Tuesday, March 31, 2015

three years ago--happy pills

I somewhat forgot about this blog, or at least forgot how much I love to write. Below you will find my first post in literally YEARS, as well as a flashback to 2012.


it has been three months or so since this blog has shown any signs of life. it's been a busy few months, or at least it has seemed like a busy three months. today, i am feeling...blah. just blah. a few months ago... i honestly cannot remember when, i went to the doctor. i had known for a long time that i was depressed. but being depressed was my baseline. what i was feeling when i walked into the doctor was far below my baseline. there were a few times in the past year when i have scared myself with just how much below my baseline i was.

i decided that it was time. time to face the demons that were fast becoming my life. time to call it quits with the depression. so, one day i walked into the doctors office. i signed in, made small talk with the receptionist i knew and eventually walked back to the room. as soon as the doctor walked in, i began to cry. i told him that i felt like i was depressed. we talked for a bit, he gave me a self assessment and the reality of the situation began to set in. i filled out the assessment, anxious that it would prove i was not depressed enough to need treatment. anxious that it would show i was just being dramatic. anxious it would show that i was just weak. just anxious. i wanted answers and i wanted help.

what the self assessment showed was that i was beyond significantly depressed. my doctor said "wow, that's an impressive score" when he returned. i was relieved. relieved that i was not imagining things. relieved to be validated in my belief that something was NOT right. relieved to be able to point to a chemical imbalance, rather than some innate character flaw, for the way i had been feeling. i left the office with lots of medically and psychologically sound advice (which i won't go into here. it was a long doctor visit) and with a prescription for antidepressants.

i have been leery to write about this. i am all too aware of the stigmas attached to those "happy pills". just a few weeks ago, i sat in an institute class and listened to a (uninformed and obviously inexperienced) guy talk about how anyone who is feeling depressed can fix it with a stronger devotion to God. he felt like he had solved the mystery of depression through his own brain power and logic and was very happy to share his discovery. i felt like i was listening to tom cruise lecture about antidepressants. thankfully, the teacher has lived long enough and experienced enough of life to know that this belief was untrue. when he let the other student know how wrong he was, i was relieved. i did not feel like i had to defend myself; i was very happy to let the teacher do that (though i am sure he did not know he was doing as much).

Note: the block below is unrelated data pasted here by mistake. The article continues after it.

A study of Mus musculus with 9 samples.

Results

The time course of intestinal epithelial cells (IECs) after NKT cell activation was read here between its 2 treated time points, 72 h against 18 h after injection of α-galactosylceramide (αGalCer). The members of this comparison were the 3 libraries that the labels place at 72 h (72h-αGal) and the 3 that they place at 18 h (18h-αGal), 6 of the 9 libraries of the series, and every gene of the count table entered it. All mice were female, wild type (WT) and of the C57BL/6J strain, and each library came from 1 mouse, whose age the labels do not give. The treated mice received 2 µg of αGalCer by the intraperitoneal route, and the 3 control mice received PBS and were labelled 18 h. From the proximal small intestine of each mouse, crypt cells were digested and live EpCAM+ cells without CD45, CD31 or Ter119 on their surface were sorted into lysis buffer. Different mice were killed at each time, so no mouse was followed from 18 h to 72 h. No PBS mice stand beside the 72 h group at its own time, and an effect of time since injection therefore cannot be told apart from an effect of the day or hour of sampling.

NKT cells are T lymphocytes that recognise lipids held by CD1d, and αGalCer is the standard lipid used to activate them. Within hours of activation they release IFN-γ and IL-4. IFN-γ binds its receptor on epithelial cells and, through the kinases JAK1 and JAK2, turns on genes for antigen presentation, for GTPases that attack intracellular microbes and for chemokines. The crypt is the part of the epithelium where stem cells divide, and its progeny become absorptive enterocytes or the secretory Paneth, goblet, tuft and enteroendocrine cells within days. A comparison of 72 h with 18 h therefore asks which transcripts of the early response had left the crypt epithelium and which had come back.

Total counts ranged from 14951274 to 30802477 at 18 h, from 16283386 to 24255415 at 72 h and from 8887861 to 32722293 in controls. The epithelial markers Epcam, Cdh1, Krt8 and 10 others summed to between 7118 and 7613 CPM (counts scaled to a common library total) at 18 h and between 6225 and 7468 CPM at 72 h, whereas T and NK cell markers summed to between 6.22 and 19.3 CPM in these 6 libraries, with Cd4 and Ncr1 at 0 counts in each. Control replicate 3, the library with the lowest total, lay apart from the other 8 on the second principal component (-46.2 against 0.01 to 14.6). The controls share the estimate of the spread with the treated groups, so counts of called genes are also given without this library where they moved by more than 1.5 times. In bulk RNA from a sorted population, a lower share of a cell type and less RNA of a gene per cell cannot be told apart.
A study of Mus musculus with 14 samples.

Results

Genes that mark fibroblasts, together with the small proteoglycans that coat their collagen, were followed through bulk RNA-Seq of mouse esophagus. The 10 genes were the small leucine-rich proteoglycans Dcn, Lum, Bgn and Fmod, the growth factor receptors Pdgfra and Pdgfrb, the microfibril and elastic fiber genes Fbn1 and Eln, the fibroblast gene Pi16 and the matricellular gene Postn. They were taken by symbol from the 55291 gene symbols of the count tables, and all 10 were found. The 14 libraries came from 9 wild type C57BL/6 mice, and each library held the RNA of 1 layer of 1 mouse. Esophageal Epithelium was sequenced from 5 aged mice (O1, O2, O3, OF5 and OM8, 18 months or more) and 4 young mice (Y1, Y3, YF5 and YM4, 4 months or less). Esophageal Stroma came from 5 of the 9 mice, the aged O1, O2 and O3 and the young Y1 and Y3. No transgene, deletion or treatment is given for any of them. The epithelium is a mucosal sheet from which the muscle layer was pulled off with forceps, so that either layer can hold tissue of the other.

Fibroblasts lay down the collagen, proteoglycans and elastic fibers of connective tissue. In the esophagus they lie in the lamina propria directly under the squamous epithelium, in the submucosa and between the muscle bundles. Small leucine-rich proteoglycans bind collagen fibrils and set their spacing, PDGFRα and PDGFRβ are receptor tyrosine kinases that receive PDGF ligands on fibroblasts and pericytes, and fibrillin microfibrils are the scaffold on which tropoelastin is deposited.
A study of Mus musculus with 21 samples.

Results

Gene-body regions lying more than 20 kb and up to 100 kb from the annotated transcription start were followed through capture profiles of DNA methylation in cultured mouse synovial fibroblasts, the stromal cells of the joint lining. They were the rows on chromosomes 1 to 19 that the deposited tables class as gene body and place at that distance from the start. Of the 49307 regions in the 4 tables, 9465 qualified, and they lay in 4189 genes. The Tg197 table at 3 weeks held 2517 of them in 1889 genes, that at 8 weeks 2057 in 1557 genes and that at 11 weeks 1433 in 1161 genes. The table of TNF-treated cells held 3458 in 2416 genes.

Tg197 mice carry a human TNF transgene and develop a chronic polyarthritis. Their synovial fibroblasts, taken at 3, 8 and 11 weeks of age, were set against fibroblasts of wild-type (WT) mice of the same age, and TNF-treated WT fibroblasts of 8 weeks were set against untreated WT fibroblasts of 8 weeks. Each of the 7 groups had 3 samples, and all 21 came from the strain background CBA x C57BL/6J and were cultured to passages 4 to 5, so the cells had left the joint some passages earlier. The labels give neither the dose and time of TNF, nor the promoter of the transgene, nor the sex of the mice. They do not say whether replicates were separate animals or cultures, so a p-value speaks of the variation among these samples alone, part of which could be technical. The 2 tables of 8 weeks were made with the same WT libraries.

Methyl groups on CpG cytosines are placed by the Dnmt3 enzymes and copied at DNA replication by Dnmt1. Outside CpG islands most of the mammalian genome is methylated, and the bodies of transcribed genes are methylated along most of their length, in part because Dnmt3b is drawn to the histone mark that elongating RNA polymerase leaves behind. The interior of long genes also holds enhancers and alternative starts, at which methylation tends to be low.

did the antidepressants end up being happy pills for me? probably for about the first week or two. i think that i was so used to being so low, the pills gave me a high of sorts. i was still depressed by normal people standards, but it was such a drastic change from where i had been, it seemed like the world was my own personal oyster.

today, i am still on the antidepressants, though my hope is to wean myself off them eventually and find other ways to keep my brain all balanced-chemically speaking. on antidepressants (after my body got used to them and leveled out) i have to work for things and work to be happy and content, but i feel like that is how life should be. if we want anything in life, we should have to work toward it. the effort put in should be equivalent to the reward we expect out of it.

the biggest difference between now and a few months ago is that everyday tasks like getting out of bed and going to work or school are no longer crippling prospects. depression sucks. depression is truly debilitating. anyone who says otherwise has yet to experience a "chemical imbalance" first hand. depression doesn't make you want to crawl under a rock. it is an enormous rock on your chest that you are incapable of crawling out from under.

i am so grateful for the miracle that is modern medicine today. a few months ago, my life was unbearable. i am here today because, through divine inspiration, antidepressants exist. i am here today because i walked into a doctor's office a broken person and walked out with some happy pills.